Companies hit with discrimination and harassment lawsuits increasingly look to avoid public battles by settling, which has been good for the Wigdor Law Firm and women it represents, Douglas Wigdor says.
The Wigdor firm had its second-best year on record in 2020, the firm’s founder said. Although courts were closed and litigation slowed during the coronavirus pandemic, remote video technology and mediation kept cases moving. The firm had its best year in 2017, he said.
The #MeToo movement and Black Lives Matter protests created “an atmosphere where companies are more inclined to resolve matters than to fight them in the public,” Wigdor told Bloomberg Law in a recent interview. “They’ve become more receptive to the idea of ‘Let’s talk and resolve.’”
Wigdor is best known for taking on Harvey Weinstein, Bill O’Reilly, and major corporations like Uber Technologies Inc., Deloitte, and BlackRock Inc. He caught media attention last year for briefly representing Tara Reade, a former congressional staffer who accused President Joe Biden of sexual assault.
He declined to say how much revenue the firm brought in last year—“there is already a big enough target on my back.” Settlements in high stakes cases often come with confidentiality and non-disclosure requirements anyway, Wigdor said.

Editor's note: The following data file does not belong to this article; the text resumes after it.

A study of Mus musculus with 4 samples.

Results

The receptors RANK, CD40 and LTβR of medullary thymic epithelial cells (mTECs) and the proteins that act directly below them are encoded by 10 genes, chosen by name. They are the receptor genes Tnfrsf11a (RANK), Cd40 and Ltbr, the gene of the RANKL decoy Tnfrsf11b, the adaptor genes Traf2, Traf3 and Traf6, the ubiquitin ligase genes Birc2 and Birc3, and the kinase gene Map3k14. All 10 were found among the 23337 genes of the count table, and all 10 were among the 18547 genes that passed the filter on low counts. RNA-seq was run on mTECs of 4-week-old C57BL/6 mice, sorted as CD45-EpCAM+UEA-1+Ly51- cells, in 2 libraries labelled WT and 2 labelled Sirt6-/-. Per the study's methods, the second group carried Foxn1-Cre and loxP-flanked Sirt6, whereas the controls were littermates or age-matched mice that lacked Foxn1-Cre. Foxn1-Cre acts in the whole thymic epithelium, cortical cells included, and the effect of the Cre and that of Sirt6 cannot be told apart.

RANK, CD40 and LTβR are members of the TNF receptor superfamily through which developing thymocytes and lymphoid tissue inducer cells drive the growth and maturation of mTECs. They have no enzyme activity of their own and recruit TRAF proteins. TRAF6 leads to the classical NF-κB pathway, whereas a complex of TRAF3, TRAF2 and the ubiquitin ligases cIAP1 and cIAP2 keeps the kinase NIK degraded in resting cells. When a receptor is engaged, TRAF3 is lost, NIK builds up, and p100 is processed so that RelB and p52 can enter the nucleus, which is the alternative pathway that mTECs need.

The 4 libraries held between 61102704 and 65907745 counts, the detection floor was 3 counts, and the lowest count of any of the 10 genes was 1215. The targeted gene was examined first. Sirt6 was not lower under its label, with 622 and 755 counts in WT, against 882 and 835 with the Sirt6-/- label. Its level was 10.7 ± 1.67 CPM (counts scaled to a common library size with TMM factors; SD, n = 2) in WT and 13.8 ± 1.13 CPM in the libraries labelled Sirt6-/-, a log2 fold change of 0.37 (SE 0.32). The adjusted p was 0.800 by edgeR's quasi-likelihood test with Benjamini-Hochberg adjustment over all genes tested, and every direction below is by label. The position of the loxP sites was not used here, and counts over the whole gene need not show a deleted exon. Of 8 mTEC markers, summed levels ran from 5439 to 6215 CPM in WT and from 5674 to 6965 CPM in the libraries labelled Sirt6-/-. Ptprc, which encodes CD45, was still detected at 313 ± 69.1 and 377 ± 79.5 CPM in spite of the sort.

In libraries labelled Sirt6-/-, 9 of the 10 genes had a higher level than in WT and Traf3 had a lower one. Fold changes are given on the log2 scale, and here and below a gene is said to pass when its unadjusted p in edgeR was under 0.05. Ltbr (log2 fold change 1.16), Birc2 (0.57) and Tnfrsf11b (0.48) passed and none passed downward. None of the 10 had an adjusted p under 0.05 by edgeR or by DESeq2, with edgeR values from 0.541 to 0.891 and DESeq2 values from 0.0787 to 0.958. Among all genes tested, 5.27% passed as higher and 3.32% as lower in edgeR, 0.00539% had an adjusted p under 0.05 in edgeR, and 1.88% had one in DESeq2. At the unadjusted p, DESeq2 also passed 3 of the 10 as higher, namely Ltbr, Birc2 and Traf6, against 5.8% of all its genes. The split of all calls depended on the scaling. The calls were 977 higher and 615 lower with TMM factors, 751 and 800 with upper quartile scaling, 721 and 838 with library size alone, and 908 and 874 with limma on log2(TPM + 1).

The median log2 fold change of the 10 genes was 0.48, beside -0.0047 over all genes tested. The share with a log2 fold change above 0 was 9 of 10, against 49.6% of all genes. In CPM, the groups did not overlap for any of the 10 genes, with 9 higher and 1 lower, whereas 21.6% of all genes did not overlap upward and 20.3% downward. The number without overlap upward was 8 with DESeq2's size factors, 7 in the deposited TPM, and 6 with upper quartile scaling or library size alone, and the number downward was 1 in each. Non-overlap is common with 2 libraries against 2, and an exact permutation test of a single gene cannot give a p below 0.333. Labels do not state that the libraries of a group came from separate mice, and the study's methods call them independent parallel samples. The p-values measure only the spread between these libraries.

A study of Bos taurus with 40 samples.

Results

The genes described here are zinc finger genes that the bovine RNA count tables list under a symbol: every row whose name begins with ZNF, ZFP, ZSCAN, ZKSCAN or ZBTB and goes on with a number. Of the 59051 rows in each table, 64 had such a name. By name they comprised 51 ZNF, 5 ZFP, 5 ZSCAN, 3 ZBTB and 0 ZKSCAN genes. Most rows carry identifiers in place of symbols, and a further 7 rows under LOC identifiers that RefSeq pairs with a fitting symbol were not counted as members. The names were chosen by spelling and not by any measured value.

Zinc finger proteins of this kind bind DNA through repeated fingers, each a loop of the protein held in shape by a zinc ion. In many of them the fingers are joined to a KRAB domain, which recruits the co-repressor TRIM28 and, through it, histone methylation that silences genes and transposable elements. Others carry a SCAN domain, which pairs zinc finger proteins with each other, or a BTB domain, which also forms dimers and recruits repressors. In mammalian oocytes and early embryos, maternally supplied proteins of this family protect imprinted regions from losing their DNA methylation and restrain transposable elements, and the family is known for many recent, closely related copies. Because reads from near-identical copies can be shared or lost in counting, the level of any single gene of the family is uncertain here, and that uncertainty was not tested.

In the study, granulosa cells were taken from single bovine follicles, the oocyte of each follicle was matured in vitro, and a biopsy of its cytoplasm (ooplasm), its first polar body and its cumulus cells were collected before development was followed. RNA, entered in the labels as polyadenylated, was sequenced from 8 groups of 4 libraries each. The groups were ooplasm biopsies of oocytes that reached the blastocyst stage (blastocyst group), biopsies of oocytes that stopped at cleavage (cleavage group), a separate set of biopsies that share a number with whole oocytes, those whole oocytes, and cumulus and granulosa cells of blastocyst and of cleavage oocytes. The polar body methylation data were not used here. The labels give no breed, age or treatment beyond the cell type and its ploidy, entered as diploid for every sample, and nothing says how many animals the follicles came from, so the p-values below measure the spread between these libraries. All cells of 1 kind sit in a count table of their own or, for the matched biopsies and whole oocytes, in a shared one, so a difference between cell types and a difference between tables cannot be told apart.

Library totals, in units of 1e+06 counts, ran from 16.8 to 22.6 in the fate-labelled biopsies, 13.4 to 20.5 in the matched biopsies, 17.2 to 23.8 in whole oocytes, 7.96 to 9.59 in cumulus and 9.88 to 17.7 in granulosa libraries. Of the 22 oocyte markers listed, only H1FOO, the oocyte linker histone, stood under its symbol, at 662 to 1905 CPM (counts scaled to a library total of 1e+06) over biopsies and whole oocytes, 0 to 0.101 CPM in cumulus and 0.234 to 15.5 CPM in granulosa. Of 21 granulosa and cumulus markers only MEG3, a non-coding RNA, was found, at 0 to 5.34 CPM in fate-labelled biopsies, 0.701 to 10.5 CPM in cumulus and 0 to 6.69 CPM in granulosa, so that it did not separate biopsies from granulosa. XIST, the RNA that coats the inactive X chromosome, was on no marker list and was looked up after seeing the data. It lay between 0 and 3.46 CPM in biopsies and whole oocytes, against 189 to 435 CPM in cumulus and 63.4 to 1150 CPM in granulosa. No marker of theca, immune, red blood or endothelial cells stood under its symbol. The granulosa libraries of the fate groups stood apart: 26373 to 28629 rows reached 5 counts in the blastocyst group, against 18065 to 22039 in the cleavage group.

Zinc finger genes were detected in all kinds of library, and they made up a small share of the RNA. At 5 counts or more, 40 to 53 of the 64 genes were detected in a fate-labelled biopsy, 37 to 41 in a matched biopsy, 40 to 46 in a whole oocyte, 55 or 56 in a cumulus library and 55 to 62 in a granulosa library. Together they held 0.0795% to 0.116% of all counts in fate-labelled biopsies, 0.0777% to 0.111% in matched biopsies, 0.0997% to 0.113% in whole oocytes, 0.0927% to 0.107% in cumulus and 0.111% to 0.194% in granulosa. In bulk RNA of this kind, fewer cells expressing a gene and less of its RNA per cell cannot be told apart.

Corporate lawyers Kate Bischoff and Jonathan Segal also say they’ve seen a shift in favor of settlement by companies they represent.
“When you get a case that involves harassment, there’s always been a public relations component to it,” Bischoff, a Minnesota attorney, said. “The PR risk now is higher than it ever was before.”
The pandemic is also nudging some companies toward settlement, according to Segal, a lawyer for Duane Morris in Philadelphia.
“For some clients, even if they didn’t do something wrong, there was a greater willingness last year to resolve the matter if they could see a possibly valid legal argument on the other side,” Segal said. “Many companies were fighting for their existential existence because of Covid, so there was increased desire to resolve matters early.”
The Weinstein saga prompted a push in state legislatures across the country to limit or ban nondisclosure agreements for people suing for harassment and discrimination, to prevent them from protecting serial abusers.
Wigdor said many of his firm’s clients still prefer to keep the matters confidential, or at least are willing to accept gag orders to resolve a case.
“Clients often want their anonymity preserved,” Wigdor said. “If there was a ban on confidentiality, very few cases would be settled.”